Fitness Flash: P.E. done easy

How do you complete four P.E. requirements by the end of sophomore year? For most on campus, it’s a no-brainer: athletics. But for those who do not partake in sports and need to fulfill their requirements in another fashion, it is a legitimate question that has puzzled some minds on campus.

 

A large percentage of students at the College are involved in some sort of varsity, JV or club sport. These students are set for fulfilling their P.E. requirements, as varsity sports fulfill two to three P.E. credits per season and JV or club sports generally fulfill two credits. The rest of us search for means to get these credits out of our way. It’s not that they are necessarily a hassle; they just happen to be one more responsibility looming over many College students on top of our already large workload. Personally, I found the “cheat sheet” first-year students received in their registration packet quite helpful. It details the different ways of completing the PE requirements and how many credits you can complete depending on the nature of your physical activity. For example, it shows that completion of a P.E. activity class earns one P.E. credit or that students involved in dance ensembles earn two P.E. credits. In addition to the options detailed above, you can also complete one P.E. requirement by regularly participating in Williams Outing Club activities.

What I immediately realized was that we do have a plethora of opportunities for non-athletes. There is at least one activity that will fit into to your schedule. If you are a dancer, you can audition for a dance group, and if you make the cut, you can fulfill one P.E. credit each term by being a member of that group. One student I spoke to, Sofia Benares ’16, a member of the hip-hop dance group Nothin’ But Cuties (NBC) was enjoying fulfilling her P.E. requirement through dancing. “I would have done NBC even if it didn’t fulfill a P.E. requirement,” Benares said. “That’s just an added bonus. I also feel like anyone who is in a sports group or dance team that fulfills a P.E. requirement is in it because they want to be in it and not because it fulfills a requirement.”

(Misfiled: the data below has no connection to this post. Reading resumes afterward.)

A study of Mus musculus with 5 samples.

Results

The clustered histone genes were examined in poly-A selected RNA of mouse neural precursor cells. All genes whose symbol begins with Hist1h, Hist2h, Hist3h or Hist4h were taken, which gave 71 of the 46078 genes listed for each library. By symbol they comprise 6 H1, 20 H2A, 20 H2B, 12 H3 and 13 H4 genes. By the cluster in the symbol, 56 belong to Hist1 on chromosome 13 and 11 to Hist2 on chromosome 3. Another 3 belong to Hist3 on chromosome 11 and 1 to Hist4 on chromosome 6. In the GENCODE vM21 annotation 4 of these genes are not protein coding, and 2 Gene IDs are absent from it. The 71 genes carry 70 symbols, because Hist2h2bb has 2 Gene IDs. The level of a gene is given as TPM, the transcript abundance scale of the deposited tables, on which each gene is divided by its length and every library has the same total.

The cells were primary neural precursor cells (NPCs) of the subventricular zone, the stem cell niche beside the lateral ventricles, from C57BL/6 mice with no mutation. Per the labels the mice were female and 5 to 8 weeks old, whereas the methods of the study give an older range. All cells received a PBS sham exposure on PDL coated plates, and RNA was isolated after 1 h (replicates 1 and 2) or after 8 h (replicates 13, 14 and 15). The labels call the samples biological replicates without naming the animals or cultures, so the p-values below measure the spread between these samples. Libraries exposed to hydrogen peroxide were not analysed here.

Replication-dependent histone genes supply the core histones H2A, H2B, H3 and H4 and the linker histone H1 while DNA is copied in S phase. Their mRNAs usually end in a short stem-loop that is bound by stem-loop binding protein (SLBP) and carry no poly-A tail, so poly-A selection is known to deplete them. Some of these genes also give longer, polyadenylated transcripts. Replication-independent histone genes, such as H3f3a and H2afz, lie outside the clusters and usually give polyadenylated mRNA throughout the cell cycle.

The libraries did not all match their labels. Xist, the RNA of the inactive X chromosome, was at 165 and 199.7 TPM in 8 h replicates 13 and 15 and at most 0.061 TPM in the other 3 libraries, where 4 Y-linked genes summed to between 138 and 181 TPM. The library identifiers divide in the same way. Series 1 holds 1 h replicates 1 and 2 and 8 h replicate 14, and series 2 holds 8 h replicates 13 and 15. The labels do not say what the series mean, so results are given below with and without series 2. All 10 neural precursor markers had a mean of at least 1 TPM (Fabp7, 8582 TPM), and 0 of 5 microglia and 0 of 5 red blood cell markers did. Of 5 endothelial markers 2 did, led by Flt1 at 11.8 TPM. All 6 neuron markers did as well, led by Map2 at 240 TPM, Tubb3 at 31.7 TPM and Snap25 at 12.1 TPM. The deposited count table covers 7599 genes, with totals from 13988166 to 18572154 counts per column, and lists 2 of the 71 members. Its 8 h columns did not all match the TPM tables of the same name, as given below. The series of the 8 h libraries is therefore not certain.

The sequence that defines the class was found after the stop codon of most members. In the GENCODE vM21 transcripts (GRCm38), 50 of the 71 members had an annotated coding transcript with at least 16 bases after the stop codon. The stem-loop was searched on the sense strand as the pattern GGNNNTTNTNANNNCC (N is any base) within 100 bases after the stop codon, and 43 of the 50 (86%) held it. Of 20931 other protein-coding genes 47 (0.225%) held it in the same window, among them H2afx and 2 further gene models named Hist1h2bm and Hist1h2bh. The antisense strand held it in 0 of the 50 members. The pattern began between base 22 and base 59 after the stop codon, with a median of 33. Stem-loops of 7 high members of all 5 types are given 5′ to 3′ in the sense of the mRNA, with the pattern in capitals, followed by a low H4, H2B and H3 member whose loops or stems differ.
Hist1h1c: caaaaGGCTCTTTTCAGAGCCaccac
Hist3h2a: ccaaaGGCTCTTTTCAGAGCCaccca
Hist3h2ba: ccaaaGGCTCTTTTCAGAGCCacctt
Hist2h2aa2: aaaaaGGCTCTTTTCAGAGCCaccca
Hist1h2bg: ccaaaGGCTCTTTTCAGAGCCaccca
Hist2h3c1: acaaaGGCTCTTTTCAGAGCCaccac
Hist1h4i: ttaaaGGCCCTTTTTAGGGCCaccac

In addition, there is a range of options for P.E. classes, and just about everyone I have spoken to who is enrolled in a P.E. class says that the class schedule is accommodating. Each quarter, the College offers over 20 P.E. options, ranging from yoga to rock climbing to trail running to “Farm Fun,” in which students work on local farms for one afternoon a week. Classes are held in a variety of time slots to accommodate as many students’ schedules as possible, and the variety in offerings and intensity of classes also serves to make the classes accessible and beneficial to a wide range of students, whether they are long-time athletes or just starting to think about fitness.

While students are also offered the opportunity to design independent classes that fulfill P.E. requirements in addition to choosing from those offered, students are only eligible for them with the P.E. coordinator’s approval and after three previous P.E. credits have been earned. Some students, however, feel they could benefit from designing their own P.E. classes earlier on in their careers. For instance, Ada Berktay ’16 suggested that a free-swim period would serve as a nice P.E. option for casual swimmers. “I wish I could just get in the water twice a week for a couple hours and have that be my P.E. class,” she said.

Other students, like Niharika Pendurthi ’15, expressed a desire to have the schedule for P.E. classes be slightly more flexible. “I wanted to take [Rape Aggression Defense] (RAD), but I realized that it is three hours on Wednesday evenings and I thought, ‘Maybe I’ll just do yoga instead,’” Pendurthi said.

From RAD to yoga to the several dance groups on campus, there seem to be a number of ways to fulfill your P.E. requirement even if you are not an athlete. However, there also seem to be issues with the current system, as noted by the students above. While there are changes that ought to be made to improve the current system, until then, we may have to settle and find a way to fulfill our requirements during the interim – it simply takes a willingness to be flexible and search for options.